The History of Money
Snack: Since we're going to be
learning about the history of money all around the world, let's try a "global"
snack: a small bowl of rice with a dunk or two of soy sauce (Asia), chunks of
cut-up baked yam with brown sugar (Africa), a small hunk of cheese with a
cracker (Europe), and some As-American-As-Apple juice (not pie).
Paper and pen or pencil
Various supplies to make a visual
aid - depends on
the student's idea; if you are at an
you may have to bring it in the next
Read either of these reports on the history of money.
choose something mentioned in the article, write a one-paragraph explanation of
it in your own words, and make a "visual aid" about it.
how to write about a topic, and "bring it alive" for an audience with some kind
of a visual aid, is a great skill.
A "visual aid" is some
kind of device that goes beyond words on a page that you might write, or words
that you might say aloud to an audience, to explain your topic, in 3-D.
Examples of a visual aid:
a unique object such as an antique machine, a poster, an experiment, a short
film, a song, a map, a display board, a book, a costume, an
audience-participation skit, etc. etc.
A visual aid works best
when it is nice-looking or otherwise captivating; unusual so that it will hold
your audience's interest, and relates clearly to the topic or idea you are
trying to communicate.
You will really need to be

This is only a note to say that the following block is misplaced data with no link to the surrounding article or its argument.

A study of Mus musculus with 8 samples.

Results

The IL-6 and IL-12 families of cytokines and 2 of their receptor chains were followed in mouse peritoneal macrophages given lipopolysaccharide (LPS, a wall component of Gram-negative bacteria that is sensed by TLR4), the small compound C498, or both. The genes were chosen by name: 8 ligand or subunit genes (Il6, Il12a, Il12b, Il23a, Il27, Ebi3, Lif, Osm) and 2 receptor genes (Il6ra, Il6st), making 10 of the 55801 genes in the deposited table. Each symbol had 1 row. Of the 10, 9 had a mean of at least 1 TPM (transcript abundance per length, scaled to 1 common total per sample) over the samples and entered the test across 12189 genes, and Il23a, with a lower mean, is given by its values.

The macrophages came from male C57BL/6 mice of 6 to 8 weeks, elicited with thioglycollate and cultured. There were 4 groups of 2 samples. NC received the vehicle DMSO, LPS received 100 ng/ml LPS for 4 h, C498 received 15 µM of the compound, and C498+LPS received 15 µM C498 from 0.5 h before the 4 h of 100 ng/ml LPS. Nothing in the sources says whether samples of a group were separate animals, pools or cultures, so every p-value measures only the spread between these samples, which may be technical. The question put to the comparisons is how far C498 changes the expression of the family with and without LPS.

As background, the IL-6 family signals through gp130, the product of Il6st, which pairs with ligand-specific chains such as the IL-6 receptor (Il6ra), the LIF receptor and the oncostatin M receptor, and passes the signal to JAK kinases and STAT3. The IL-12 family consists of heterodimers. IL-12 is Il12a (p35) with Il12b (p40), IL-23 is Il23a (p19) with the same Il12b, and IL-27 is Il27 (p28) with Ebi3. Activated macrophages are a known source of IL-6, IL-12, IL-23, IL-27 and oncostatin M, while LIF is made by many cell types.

good at developing and using visual aids for speech class and regular class
presentations in school, and later, in real life, for all kinds of meetings and
demonstrations - any time you are trying to communicate knowledge to someone
else, which will be needed just about every hour of every day!
So, for example, if you chose
to write about where we get the expression "shelling out" - because seashells
are found everywhere and make a convenient medium of monetary exchange -- you
could bring in some seashells and hold different ones up to pretend each one
contained a different monetary value.
Or you could pick three
volunteers from your group, and give each of them one item that kids your age
would like to buy. Then give the kids in your group a handful of shells each.
Let them "buy and sell" and see who ends up with what.
Or you could paint a
watercolor of a seashell, attach a price to it, and see if any other student
would buy it - "shell out," in other words.